Tuesday, January 12, 2016

Where Do I Belong?

Not sure where I fit in anymore. Obviously not with the church. And frankly I can't drum up the hate to fit in with many ex-Mormons either. I get why there's anger, I just don't feel it that intensely. Not that there isn't things that get me riled up. It's just that I don't see evil or bad intentions every time a Mormon friend says hi or drops off a gift or states an opinion I don't agree with. Nor do I feel the need to mock everything about Mormonism. I still like a lot of LDS artists and writers. I have no desire to throw out all my LDS fiction, nor my Greg Olsen print of Jesus. I still find humor in Mormon people poking fun at themselves (which they're pretty good at). In fact I cringe at the nit picking that I find ex-Members indulge in. 

I don't fit in with atheists. I can't deny spiritual experiences and I find them condescending towards believers. I don't fit in with born agains. I find them condescending too and demanding that everyone believe what they believe. I'm not completely against abortion in the right situations but I'm not completely for it and find it grating lately that there seems to be a celebration of it. I still cringe at profanity although I don't want to censor anyone but it seems like a teenage rebellion thing when I read some ex-members posts and they throw around swear words simply because they can and not because it really adds to what they are saying. Now I realize that's a cultural thing for me, but I guess that's part of my culture.

I have no desire to become drunk or even experiment with alcohol. The devastation it caused my childhood was more than enough for me although I do like my coffee.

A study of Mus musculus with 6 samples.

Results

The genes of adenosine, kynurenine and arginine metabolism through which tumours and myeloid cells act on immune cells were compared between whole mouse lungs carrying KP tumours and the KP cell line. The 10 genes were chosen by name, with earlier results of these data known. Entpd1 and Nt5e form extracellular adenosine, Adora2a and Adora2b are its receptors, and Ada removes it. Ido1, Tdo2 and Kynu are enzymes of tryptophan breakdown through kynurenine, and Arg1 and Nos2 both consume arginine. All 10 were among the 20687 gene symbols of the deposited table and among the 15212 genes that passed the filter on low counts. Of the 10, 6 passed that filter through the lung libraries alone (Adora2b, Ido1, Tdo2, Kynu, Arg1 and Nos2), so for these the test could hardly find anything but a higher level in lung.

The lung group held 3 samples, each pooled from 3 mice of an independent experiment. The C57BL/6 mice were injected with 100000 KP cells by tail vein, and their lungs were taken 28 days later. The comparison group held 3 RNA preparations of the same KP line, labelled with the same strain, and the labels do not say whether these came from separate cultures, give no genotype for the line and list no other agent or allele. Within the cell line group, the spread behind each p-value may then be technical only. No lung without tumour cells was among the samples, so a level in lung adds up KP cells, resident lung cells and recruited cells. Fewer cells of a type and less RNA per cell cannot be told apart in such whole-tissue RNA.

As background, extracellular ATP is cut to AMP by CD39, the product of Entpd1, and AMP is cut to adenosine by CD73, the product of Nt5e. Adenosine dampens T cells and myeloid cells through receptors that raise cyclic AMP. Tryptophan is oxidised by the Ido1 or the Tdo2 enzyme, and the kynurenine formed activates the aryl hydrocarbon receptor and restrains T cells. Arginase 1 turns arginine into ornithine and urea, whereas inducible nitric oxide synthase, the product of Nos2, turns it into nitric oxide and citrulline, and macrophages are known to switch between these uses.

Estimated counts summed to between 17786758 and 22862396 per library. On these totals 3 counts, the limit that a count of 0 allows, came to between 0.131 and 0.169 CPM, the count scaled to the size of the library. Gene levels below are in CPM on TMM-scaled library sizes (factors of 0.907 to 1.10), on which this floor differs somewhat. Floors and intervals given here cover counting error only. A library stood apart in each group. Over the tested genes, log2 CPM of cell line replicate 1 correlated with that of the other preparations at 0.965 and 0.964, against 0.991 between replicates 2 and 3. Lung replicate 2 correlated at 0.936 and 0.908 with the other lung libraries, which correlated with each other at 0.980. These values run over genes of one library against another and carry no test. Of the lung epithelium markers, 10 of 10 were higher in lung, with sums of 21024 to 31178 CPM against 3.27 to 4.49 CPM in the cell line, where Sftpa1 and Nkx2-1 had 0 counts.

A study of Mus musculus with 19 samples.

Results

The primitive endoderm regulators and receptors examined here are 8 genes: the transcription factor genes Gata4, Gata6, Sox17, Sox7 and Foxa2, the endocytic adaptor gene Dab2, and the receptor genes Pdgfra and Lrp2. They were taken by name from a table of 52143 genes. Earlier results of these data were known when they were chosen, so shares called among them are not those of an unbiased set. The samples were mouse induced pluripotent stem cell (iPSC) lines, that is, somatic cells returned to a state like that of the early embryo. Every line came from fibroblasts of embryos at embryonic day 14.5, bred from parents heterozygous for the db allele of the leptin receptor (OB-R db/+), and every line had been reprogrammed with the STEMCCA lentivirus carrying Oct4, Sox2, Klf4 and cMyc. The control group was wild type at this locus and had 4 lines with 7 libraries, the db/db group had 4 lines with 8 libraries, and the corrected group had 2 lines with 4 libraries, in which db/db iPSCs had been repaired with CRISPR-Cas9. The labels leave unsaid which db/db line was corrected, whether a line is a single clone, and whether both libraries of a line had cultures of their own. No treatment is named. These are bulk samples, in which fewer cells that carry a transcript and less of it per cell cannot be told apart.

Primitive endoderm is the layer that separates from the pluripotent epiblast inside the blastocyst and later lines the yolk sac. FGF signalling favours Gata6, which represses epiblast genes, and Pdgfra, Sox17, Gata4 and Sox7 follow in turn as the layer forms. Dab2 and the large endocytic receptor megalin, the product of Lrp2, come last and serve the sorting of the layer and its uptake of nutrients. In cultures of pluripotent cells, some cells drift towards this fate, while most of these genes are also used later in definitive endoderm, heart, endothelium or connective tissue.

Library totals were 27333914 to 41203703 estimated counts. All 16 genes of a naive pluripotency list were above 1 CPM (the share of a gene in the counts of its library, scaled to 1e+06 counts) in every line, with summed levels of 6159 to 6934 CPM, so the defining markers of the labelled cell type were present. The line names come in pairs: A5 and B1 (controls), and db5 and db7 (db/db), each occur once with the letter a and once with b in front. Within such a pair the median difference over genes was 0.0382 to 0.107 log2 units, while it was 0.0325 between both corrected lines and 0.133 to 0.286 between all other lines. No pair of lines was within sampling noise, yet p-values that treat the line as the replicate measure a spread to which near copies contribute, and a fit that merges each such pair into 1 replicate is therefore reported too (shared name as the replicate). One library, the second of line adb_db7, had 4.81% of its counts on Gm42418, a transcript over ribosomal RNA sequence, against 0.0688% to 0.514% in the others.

And part of me is torn. On one hand I want to continue writing about LDS subjects because it was over thirty years of my life, and there is the hope that what I have to say might help someone, somewhere. But there's the other part of me that says "really, now they're claiming that hatred towards children of gay parents is a direct revelation of God? I don't care anymore because it's just so stupid. They can do what they want. I can't change anything about them. I'm outa here."

But "I'm outa here" leaves me completely alone.


  1. I've been there. I was born and raised in the LDS church. I married in the temple when I was 18, even though only my mom was able to be with us, while my dad and his parents waited outside. I did this out of guilt. Knowing what I know now, I never would have excluded my OWN family from my wedding.

    I quit going to the LDS church (I refuse to call them the church, there are many churches out there and they aren't any more special than the others) because I had issues after our adoption fell through.

    I was bitter for years. But I was only hurting myself. Last year, I decided to seek out a new church. I don't think one church is more true than any other. I wasn't looking for a religion, I was looking for Christ.

    As I write out this long comment, I realize I should be blogging this instead. I have a spiritual blog at http://findingmysaviorjesuschrist.blogspot.com/. So I'll cut to the short story. Don't look for religion. Seek Christ and you will find Him. Attend different services until you find a place you belong.

  2. Finding community is the hardest part of leaving. Truly. The church provides an established community of well connected people who are always there. It can take years to find that for yourself. It is a challenging journey, but worth it. Good luck to you. I wish you peace and joy however you move forward.

  3. you have great insight, and have provided excellent commentary on the church,
    but it is time to walk away. Your continued intellectual involvement keeps you tied to mormonism…it's unhealthy. Walk away, breathe deep and feel the last of your inner conflict evaporate. Give yourself a chance to experience and connect with new emotions and experiences. Everyone I know that has gone through this "faith crisis" is happier once they disconnect.